Can genetic variability for nitrogen metabolism in the developing ear of maize be exploited to improve yield?

Authors

  • Rafael A. Cañas,

    1. Adaptation des Plantes à leur Environnement, Unité Mixte de Recherche 1318, Institut Jean-Pierre Bourgin, Institut National de la Recherche Agronomique (INRA), Centre de Versailles-Grignon, RD 10, F-78026 Versailles, France

    1. Adaptation des Plantes à leur Environnement, Unité Mixte de Recherche 1318, Institut Jean-Pierre Bourgin, Institut National de la Recherche Agronomique (INRA), Centre de Versailles-Grignon, RD 10, F-78026 Versailles, France

    1. Station de Génétique Végétale du Moulon, Institut National de la Recherche Agronomique, Université de Paris Sud, Institut National Agronomique Paris Grignon, Ferme du Moulon, F-91190 Gif/Yvette, France

    1. Adaptation des Plantes à leur Environnement, Unité Mixte de Recherche 1318, Institut Jean-Pierre Bourgin, Institut National de la Recherche Agronomique (INRA), Centre de Versailles-Grignon, RD 10, F-78026 Versailles, France
Bertrand Hirel
Tel: +33 1 30 83 30 89
Email: hirel@versailles.inra.fr

Summary

  • Quantitative trait loci (QTLs) for the main steps of nitrogen (N) metabolism in the developing ear of maize (Zea mays L.) and their co-localization with QTLs for kernel yield and putative candidate genes were searched in order to identify chromosomal regions putatively involved in the determination of yield.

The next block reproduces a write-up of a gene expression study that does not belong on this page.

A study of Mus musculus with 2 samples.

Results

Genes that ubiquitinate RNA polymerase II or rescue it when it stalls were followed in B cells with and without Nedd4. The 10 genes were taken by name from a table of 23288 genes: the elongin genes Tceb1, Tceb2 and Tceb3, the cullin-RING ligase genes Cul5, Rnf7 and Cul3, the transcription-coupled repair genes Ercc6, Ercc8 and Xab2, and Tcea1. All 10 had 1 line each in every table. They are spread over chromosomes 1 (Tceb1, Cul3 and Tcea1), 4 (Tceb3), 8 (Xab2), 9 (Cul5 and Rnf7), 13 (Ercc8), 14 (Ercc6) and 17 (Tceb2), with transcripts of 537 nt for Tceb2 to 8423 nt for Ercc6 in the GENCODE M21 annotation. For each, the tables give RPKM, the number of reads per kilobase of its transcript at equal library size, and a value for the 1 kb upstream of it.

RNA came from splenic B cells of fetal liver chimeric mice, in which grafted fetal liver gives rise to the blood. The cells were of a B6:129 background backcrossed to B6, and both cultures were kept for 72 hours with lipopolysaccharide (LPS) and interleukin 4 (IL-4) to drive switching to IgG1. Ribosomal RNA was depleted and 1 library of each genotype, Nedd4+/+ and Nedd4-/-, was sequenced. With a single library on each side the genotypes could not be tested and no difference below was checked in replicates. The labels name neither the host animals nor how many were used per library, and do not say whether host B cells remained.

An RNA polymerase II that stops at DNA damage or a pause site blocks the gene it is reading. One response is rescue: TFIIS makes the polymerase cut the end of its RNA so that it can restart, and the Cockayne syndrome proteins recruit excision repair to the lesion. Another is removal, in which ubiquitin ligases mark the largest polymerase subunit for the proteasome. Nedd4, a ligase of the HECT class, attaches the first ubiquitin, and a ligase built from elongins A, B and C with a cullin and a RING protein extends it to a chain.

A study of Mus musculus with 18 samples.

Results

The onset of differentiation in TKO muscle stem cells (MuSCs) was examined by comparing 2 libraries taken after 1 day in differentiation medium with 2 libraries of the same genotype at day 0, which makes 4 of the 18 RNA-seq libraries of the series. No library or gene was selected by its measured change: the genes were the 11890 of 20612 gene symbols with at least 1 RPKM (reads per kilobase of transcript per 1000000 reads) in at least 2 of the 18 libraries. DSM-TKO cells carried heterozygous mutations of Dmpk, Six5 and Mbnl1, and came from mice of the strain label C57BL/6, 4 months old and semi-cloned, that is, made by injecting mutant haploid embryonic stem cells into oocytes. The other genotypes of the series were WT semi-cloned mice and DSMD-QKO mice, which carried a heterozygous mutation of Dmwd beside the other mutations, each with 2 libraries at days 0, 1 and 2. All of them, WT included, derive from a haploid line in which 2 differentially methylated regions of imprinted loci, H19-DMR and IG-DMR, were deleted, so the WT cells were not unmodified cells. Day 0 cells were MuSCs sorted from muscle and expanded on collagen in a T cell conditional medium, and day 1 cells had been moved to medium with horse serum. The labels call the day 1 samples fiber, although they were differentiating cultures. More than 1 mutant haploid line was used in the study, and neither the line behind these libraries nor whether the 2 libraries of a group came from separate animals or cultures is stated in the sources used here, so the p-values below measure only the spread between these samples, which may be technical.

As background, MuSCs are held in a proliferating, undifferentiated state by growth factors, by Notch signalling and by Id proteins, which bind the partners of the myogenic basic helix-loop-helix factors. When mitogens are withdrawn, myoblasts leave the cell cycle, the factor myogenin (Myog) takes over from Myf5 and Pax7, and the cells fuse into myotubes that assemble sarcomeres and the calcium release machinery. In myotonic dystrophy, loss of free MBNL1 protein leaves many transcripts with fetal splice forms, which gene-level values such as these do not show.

• During the grain-filling period, the changes in physiological traits were monitored in the cob and in the developing kernels, representative of carbon and N metabolism in the developing ear. The correlations between these physiological traits and traits related to yield were examined and localized with the corresponding QTLs on a genetic map.
  • Glycine and serine metabolism in developing kernels and the cognate genes appeared to be of major importance for kernel production. The importance of kernel glutamine synthesis in the determination of yield was also confirmed.
  • The genetic and physiological bases of N metabolism in the developing ear can be studied in an integrated manner by means of a quantitative genetic approach using molecular markers and genomics, and combining agronomic, physiological and correlation studies. Such an approach leads to the identification of possible new regulatory metabolic and developmental networks specific to the ear that may be of major importance for maize productivity.